Welcome to the Eurovision Lemurs Seal of Approval, our guide to the cream of the Eurovision crop, the top songs out of the top songs, the best music on tap at Eurovision.
According to us.
You see, taste is a subjective thing and while a lot of songs we list here may also be fan favorites, no Eurovision song can cater to every single Eurovision fan. Except for “Waterloo,” which is perfect in every way.
So when we give a song the Eurovision Lemurs Seal of Approval, we’re providing you with some insight into why we respond to songs the way we do. Our favorites may not be your favorites, but we hope we can explain what it is about each of these songs that move us.
“Soldi” by Mahmood
Mahmood tells his story in “Soldi” by building the verse and the bridge up, but instead of releasing all that tension, he just drops the beat for the chorus. This isn’t a song about resolving emotions, and you can tell that even if you don’t speak Italian. “Soldi” earned Italy a richly deserved second place at the 2019 Eurovision Song Contest.
“Shady Lady” by Ani Lorak
Over a decade after it came second at the Eurovision Song Contest, “Shady Lady” still has the power to thrill us. Its lush, strings-heavy orchestration propels it forward, and Ani Lorak fully embodies the song’s story. We’ve been saying for years that “Shady Lady” is the best song to never have won Eurovision.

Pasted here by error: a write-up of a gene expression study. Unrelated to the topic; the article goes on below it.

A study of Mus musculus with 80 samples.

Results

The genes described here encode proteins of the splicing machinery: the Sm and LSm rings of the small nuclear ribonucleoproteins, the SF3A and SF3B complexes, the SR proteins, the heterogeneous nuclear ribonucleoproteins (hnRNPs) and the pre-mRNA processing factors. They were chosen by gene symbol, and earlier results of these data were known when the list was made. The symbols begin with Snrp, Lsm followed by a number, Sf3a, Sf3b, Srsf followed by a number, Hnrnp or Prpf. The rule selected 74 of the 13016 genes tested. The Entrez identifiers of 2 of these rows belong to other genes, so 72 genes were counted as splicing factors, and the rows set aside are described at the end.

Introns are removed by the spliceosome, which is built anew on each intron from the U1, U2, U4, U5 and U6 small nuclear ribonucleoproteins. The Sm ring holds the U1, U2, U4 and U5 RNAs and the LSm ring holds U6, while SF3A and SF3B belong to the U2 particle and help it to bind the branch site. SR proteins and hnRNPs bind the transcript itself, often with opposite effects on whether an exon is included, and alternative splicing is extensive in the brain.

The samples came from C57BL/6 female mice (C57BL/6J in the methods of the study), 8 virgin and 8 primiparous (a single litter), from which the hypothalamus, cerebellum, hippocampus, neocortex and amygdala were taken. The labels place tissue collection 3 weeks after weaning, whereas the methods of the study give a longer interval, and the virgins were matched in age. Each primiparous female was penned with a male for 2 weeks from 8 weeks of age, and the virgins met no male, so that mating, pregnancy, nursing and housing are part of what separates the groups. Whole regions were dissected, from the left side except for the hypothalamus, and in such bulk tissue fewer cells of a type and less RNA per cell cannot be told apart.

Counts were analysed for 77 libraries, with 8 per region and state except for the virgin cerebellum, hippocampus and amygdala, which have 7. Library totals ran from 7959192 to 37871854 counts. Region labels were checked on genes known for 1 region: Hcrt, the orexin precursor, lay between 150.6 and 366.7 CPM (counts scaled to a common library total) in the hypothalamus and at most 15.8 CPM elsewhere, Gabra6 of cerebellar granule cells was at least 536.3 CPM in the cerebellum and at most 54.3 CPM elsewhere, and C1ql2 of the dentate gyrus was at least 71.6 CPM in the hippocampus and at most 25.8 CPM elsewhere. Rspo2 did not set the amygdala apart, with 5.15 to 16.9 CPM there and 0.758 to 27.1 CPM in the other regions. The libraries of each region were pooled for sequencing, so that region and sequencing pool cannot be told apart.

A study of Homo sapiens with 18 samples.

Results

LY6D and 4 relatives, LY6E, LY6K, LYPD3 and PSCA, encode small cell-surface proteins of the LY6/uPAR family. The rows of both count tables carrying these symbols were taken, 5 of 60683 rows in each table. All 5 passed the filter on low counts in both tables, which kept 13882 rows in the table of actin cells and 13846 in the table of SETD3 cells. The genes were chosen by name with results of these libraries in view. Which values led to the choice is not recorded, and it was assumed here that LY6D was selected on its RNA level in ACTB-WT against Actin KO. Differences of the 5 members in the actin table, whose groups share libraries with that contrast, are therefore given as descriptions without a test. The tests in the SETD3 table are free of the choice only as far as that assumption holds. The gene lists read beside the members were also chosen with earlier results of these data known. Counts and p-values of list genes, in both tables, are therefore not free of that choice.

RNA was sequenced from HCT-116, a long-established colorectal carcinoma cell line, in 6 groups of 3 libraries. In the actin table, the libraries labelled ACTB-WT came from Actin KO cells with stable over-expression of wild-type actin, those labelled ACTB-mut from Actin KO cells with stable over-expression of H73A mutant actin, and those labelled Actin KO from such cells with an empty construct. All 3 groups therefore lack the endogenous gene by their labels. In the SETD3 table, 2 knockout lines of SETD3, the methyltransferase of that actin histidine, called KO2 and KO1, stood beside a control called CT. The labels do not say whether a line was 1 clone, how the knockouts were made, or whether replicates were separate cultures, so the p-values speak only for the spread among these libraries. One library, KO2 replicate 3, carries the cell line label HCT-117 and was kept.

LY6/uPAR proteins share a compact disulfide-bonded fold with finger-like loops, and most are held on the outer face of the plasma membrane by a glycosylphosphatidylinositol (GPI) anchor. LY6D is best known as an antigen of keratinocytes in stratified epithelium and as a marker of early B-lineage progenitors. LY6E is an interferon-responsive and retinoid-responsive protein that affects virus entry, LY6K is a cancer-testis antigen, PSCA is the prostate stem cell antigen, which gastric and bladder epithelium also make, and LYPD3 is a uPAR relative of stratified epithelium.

“If Love Was a Crime” by Poli Genova
Bulgaria returned to the Eurovision Song Contest in 2016 after a couple of years off with a new game plan: send great songs. “If Love Was a Crime” is a song that is immediately awesome. Its finger snap-laden beat and rich, pulsating bassline builds to an anthemic chorus that has everyone singing along in Bulgarian. When we’ve got this cranked, it still has the power to give us the chills.
“Occidentali’s Karma” by Francesco Gabbani
We latched onto “Occidentali’s Karma” right after its first performance at Sanremo 2017. Sure, the dancer in the gorilla suit caught our attention, but the song’s tuneful effervescence and playful satire hooked us. “Occidentali’s Karma” pokes fun at both the need for humans to feel like we have a higher purpose and our tendency to appropriate other cultures to feel like we have achieved that purpose. Despite the seemingly cynical subject matter, “Occidentali’s Karma” radiates joy.